Leading the Way to Purpose and Profit in Business Through Water and Sanitation

I've been to quite a few conferences in my day.  But there was something pretty unique about the Sustainable Brands conference in San Diego this last week--a conference rallying business leaders to reimagine the intersection between purpose and profit in business. As CEO of WaterAid, the leading international nonprofit dedicated to clean water, toiIets and hygiene, I was proud to represent the purpose side of the equation, and the innovative approaches we're taking with corporate partners to achieve a healthier, wealthier and more just world.


You might be wondering what I was doing there. Clearly, WaterAid is not a brand in the corporate sense; we're one of the world's largest nonprofits dedicated to achieving a world where everyone, everywhere has access to clean water, toilets and hygiene. WaterAid supports the UN's Global Goals on sustainable development, which include a specific goal (Goal 6) to ensure availability and sustainable management of water and sanitation for all. For the first time, the global community has committed to reach everyone, everywhere with access to clean water and basic toilets by 2030, and leave no one behind. That's a hugely ambitious yet achievable goal with a deadline that's just fourteen short years away. It's also a goal that we will not achieve without the support and invested involvement of the private sector.

That's why I was so impressed by the sheer range and diversity of the businesses represented, all of whom rallied around the message that doing good cannot be separated from core business. Across the board, there was wide recognition that we still have a very long way to go until our collective actions match our well-intentioned words; shifts in business models, structures and incentives continue to remain elusive, even as leaders acknowledged that changes are taking place.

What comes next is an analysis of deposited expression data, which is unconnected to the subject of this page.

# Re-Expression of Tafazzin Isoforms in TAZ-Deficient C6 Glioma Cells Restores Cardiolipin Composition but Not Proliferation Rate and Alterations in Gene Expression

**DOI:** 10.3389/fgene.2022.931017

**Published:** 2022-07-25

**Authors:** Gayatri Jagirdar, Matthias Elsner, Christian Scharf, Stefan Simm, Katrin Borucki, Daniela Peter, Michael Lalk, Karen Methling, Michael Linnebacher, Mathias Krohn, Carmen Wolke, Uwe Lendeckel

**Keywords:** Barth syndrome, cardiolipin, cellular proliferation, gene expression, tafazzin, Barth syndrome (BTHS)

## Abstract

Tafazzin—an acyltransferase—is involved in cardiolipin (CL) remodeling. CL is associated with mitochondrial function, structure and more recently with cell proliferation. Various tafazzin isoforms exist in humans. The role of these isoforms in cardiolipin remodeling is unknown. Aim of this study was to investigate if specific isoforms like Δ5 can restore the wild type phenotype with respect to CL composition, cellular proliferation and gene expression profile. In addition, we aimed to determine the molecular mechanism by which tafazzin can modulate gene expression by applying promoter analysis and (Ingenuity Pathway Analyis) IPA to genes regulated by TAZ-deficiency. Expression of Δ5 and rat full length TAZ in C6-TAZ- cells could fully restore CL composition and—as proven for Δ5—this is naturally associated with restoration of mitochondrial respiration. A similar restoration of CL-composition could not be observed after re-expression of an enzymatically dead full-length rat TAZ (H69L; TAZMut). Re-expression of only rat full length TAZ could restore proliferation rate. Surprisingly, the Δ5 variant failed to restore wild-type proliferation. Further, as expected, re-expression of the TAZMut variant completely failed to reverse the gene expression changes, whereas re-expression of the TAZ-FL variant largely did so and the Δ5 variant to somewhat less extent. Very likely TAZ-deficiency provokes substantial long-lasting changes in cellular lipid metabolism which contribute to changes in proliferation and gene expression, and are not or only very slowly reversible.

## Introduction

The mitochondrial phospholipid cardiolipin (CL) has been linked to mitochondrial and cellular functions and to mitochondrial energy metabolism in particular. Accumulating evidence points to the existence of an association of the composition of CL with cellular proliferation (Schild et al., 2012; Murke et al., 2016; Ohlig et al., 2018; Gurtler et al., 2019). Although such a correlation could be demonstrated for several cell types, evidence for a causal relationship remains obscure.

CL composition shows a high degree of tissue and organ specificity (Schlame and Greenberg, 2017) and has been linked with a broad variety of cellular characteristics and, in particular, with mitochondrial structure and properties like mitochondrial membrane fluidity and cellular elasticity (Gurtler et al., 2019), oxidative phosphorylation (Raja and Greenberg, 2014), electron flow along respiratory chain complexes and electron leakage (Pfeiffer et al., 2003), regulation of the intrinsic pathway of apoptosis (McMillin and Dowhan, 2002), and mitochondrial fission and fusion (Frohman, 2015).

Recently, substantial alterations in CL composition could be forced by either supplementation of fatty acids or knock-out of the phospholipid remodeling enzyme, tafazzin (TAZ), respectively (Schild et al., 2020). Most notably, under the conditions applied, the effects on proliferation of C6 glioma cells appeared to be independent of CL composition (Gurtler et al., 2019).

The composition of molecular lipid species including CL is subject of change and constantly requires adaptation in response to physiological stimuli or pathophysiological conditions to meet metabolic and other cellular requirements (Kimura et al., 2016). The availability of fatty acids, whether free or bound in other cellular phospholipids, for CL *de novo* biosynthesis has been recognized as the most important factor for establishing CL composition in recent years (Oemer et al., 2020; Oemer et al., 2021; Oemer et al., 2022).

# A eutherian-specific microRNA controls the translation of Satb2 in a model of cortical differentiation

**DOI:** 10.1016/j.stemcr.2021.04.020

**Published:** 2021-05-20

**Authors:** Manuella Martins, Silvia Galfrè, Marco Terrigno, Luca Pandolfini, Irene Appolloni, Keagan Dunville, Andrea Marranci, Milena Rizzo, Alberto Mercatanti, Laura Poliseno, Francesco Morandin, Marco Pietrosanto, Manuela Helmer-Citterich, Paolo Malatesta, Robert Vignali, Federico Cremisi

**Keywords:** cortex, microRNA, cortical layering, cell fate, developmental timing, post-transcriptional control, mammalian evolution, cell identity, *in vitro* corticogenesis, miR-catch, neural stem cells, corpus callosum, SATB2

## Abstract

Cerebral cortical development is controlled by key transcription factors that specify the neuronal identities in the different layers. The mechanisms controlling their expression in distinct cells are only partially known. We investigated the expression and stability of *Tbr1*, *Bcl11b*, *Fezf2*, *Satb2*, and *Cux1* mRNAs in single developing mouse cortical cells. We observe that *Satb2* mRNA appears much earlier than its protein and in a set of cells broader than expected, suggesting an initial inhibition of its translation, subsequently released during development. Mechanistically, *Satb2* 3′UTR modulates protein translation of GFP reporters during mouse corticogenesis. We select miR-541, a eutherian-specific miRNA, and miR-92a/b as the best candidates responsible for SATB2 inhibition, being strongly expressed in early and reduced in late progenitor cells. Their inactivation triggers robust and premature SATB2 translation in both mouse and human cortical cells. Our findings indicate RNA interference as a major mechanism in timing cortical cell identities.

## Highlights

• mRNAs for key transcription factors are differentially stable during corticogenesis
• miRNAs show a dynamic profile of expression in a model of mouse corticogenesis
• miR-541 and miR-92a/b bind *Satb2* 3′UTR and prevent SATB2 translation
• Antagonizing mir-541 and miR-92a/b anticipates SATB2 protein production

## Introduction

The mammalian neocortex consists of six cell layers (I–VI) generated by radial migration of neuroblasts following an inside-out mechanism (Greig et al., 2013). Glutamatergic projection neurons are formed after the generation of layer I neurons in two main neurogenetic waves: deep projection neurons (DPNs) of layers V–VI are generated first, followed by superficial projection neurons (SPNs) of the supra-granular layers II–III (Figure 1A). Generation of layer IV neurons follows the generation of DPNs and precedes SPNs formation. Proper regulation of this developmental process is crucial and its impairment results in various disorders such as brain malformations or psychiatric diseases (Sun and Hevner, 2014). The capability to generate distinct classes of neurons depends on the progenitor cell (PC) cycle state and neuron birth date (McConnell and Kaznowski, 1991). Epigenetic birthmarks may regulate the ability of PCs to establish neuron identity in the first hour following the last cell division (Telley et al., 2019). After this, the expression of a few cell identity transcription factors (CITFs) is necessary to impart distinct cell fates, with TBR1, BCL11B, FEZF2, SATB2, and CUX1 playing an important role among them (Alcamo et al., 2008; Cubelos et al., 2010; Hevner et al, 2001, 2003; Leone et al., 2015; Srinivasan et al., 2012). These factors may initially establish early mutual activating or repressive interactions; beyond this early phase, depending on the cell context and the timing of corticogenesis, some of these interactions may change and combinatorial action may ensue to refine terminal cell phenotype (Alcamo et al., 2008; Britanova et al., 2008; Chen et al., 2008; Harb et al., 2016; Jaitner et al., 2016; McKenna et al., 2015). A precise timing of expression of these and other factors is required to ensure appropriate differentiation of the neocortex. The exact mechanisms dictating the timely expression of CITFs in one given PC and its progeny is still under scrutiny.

WaterAid is fortunate to work with corporate partners around the world who share our understanding that sanitation and hygiene are not simply 'nice to haves'--there's a business case for them, too. When people have access to these life basics, employee wellbeing skyrockets, worker and student absenteeism falls and environmental sustainability becomes possible. Investing in water, sanitation and hygiene have a multiplier effect: from economic growth (for every dollar invested in sanitation, the return ranges from $3 to a staggering $16) to increased income for workers who are healthier. Water and sanitation are not only life-saving necessities; they are also basic human rights. Our experience shows that business partnerships in support of water, sanitation and hygiene can be a powerful lever for employee engagement, here at home.

For me, the Sustainable Brands conference was an incredibly useful and refreshing opportunity to take a few steps back and listen to a diverse business community: what they are talking about, what they are challenged by and what they are inspired by (biomimicry anyone?). So rarely have I experienced conferences that walk the talk. The conference was zero-waste, attendees were not overindulged with goodies and treats, reusable water bottles were provided and thoughtful sourcing went into every meal and cup of coffee. The pointed attention to sustainability was lived with the same care and intention as the choice of location for next year's conference--Detroit--was announced and explained.

At WaterAid, I've always said that we have the opportunity to achieve a victory of epic proportions--a world where children no longer die from diarrhea caused by dirty water and poor hygiene; where girls no longer drop out of school when they start menstruating because there are no private toilets; and a world where women can use their precious time to earn an income or care for their families instead of walking miles to collect water. It's an epic challenge, but one that I know can be achieved with strong, authentic partnerships with leading private sector brands.

As I head back to WaterAid's office in New York, I do so full of energy and new ideas. Sustainable Brands has given me a lot to process, think about and share with others. Most unusual of all, on the last afternoon of a four-day conference, I found myself excited and already looking forward to the next one. See you in Detroit.